From the GGW interview/live chat
There are many core elements of moveDC that I embrace, including 200 miles of bike lanes. When I go back to the issues of education and enforcement, I think we've done a really terrible job of educating the public on what bikes contribute to our community. Obviously, there are huge environmental benefits from cycling. It also helps dramatically reduce demand for existing roadways—we're up to 14,000 cyclists.
The third area which is rarely talked about is how cycling contributes to the economic development of our city. Many people bike out of economic necessity. But for others—the cost of operating an average medium size sedan in our country is between $8,000 and 9,000 per year. If we can convince more of our residents to forgo that investment and instead use bicycles, they'll spend those thousands of dollars here locally in housing, retail and supporting our local economy. This may be overly simplistic but if you look at 14k cyclists forgoing that 8k a year, there's over $100 million in economic opportunity for our city when we're not buying cars and fighting wars overseas but instead investing in our communities. It's a very powerful economic development tool and we've never communicated that importance to the population.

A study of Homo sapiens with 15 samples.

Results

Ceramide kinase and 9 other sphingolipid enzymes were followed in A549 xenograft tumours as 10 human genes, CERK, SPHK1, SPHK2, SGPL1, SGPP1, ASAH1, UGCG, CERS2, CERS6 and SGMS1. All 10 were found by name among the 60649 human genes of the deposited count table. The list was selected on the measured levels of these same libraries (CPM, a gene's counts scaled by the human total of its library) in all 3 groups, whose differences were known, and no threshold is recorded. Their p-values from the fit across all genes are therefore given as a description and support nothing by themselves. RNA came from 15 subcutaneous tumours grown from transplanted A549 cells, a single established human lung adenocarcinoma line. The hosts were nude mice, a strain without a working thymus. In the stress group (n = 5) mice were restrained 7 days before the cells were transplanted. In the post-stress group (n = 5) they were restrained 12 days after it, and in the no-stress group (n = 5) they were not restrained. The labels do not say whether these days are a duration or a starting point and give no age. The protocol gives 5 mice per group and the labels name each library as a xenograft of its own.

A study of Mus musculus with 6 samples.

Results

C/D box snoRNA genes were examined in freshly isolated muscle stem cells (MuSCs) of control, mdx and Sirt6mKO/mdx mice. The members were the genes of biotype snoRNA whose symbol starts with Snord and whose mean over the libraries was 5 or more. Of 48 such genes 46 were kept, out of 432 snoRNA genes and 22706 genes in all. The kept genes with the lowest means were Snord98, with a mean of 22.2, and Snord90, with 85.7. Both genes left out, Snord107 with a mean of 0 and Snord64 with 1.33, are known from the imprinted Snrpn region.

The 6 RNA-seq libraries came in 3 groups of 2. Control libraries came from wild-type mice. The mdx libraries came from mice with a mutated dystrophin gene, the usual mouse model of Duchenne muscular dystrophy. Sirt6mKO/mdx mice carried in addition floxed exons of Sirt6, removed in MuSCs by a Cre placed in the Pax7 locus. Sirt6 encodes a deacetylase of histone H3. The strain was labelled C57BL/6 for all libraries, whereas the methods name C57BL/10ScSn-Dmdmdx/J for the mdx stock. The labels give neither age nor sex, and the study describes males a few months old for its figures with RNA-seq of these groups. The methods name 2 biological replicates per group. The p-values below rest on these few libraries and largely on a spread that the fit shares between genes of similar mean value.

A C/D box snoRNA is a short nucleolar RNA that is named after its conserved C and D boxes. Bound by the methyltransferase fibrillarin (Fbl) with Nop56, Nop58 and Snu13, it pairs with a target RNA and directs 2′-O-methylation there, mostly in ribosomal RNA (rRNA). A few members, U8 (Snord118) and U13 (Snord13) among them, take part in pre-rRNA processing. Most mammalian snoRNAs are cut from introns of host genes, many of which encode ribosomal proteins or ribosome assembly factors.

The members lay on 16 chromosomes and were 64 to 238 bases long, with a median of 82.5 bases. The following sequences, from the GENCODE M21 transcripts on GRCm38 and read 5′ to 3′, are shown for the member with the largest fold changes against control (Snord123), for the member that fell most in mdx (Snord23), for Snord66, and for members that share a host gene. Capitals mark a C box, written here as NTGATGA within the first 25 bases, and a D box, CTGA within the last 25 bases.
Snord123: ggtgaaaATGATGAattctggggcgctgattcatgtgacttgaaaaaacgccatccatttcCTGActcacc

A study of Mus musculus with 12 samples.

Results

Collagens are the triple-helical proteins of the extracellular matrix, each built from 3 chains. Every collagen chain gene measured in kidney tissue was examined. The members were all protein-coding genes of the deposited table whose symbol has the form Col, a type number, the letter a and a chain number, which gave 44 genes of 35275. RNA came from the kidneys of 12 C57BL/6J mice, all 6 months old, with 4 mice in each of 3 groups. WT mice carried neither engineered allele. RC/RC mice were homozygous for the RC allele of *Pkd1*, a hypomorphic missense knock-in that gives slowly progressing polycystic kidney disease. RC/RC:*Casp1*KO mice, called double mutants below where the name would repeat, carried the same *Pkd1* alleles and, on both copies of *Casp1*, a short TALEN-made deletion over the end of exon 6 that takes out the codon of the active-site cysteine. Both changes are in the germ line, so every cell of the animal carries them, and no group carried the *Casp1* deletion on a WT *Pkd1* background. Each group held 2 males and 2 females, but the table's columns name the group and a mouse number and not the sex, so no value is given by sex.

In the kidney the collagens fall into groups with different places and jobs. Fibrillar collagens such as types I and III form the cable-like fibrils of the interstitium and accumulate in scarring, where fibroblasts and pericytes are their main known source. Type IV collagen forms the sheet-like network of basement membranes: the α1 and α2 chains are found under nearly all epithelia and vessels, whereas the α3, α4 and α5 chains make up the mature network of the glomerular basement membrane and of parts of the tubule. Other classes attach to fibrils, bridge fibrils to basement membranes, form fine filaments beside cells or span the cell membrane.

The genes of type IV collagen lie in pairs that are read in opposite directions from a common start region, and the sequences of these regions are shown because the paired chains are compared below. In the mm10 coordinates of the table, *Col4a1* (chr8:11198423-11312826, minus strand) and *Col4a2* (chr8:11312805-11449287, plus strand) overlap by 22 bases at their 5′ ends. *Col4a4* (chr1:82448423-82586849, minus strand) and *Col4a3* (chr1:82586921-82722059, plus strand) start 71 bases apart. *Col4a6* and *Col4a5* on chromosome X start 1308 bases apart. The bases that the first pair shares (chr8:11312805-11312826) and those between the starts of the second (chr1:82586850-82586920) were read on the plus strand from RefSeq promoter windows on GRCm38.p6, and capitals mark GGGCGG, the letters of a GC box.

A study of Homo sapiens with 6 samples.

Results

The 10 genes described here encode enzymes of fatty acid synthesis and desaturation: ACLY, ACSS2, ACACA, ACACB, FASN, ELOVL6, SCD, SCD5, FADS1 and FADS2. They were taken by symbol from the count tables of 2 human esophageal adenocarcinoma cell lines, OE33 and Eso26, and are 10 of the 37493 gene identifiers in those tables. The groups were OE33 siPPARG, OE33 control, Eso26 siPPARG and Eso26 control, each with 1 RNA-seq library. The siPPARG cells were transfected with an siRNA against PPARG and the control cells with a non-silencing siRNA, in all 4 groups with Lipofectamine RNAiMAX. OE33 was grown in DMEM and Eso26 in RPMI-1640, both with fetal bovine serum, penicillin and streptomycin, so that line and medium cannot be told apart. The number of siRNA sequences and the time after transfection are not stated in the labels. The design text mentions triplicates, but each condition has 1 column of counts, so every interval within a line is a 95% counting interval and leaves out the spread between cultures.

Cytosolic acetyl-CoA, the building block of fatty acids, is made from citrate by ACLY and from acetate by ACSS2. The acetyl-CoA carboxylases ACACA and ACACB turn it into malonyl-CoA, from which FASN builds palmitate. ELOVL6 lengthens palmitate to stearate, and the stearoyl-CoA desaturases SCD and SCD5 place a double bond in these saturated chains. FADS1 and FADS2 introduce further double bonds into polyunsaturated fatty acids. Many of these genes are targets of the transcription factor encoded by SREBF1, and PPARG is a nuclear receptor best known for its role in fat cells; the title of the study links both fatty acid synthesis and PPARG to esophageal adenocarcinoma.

Long story short, count me in. There are very important tools for our city. The better opportunity is to educate our city as to where they're located.
We can get really into the weeds about how some of our streets are better for bike lanes than others. Our one-way streets that are 30-feet wide provide great opportunities for one lane of traffic, one lane of bikes, and one for parked cars.
I prefer to look at things where we can have win-win instead of zero sum. The bike plan isn't taking anything away from drivers but is in fact is a traffic calming device.